Disney focuses on the long term for brand partnerships

Disney’s brand partnership division, Disneymedia+, is looking to build long-term relationships with brands, rather than working on tactical deals around a particular movie or TV show.


Launched in the UK in 2011, Disneymedia+ is the integrated ad sales, promotions and marketing solutions operation of Disney in Europe, the Middle East and Africa. It has previously tied up with Audi to sponsor Iron Man 3 and Iceland to support the launch of animated movie Frozen.

Speaking to Marketing Week, Disneymedia+ commercial director Bobi Carley, says its work to date has focused on finding a brand to work with on specific events. However, she says they have recently restructured the team so that they are instead getting to know brands and find out where Disney can fit in with their needs in terms of raising profile, creating sponsorship opportunities or creating content.

“This is less about using the Disney IP and more about offering brands the emotional connection to Disney content,” she adds.

This includes creating bespoke content for brands and working with them to help solve issues. For example, Disney is in talks with grocers to improve the experience when mums take kids shopping.

This could include opening up Disney stores in supermarkets or creating content for grocery apps to keep kids entertained.

“We want to make the shopping experience better in order to improve sales. Before we might have just signed a deal to sell our products. We’ve moving that relationship on from just being transactional,” she says.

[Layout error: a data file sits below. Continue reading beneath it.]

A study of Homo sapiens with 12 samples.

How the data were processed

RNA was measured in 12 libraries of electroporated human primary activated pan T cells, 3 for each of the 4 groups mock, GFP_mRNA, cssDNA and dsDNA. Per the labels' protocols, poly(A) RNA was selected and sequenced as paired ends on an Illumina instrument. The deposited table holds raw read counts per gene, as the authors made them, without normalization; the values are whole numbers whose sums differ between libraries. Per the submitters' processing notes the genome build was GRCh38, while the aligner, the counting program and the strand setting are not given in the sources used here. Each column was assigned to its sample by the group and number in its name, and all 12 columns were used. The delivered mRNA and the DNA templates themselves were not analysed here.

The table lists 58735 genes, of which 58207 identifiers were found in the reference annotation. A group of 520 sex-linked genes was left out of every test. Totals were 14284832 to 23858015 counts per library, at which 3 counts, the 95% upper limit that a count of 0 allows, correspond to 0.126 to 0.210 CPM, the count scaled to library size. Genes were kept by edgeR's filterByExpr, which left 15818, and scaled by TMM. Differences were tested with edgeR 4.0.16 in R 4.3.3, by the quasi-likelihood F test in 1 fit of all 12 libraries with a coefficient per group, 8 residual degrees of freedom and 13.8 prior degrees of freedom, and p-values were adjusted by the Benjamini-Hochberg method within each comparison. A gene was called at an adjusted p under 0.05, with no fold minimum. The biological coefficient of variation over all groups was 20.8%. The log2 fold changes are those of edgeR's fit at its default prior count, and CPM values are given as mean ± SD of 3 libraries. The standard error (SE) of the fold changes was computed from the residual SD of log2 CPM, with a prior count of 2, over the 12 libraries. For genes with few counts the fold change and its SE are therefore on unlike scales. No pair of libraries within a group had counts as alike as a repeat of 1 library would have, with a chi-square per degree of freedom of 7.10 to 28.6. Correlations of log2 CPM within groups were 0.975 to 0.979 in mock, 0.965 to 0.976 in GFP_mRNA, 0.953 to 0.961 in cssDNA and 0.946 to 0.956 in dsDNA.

Disney is also in talks with tech brands on working with them around content. Companies such as Samsung and Apple are increasingly reliant on services and content to lure customers in the competitive tech space.

Carley admits there are still challenges in signing on brands, particularly as Disney is best known for family entertainment. Acquisitions of IP such as Marvel, as well as Star Wars and Indiana Jones, are part of plans to expand the appeal of Disney to a wider audience.

That includes making sure that any partners adhere to Disney’s standards, particularly in terms of nutrition. Carley says that while people still associate Disney with McDonald’s Happy Meals, it hasn’t actually done any marketing deals with the fast food chain “in years”.

Meanwhile, Subway brought out a whole new menu so that it met Disney’s guidelines and could work with the firm.

“We have to market responsibly to kids. We cannot push the boundaries,” she says.

Next year Disney has a number of opportunities, including a new addition to the Muppets franchise, new Marvel movie Captain America and Maleficent, which tells the story of the villain from Sleeping Beauty, with Angelina Jolie taking the lead role.

“Tactical deals will always happen. Now it’s about making them smarter and looking at how once we’ve built a relationship and it’s been successful, how we keep that going,” she says.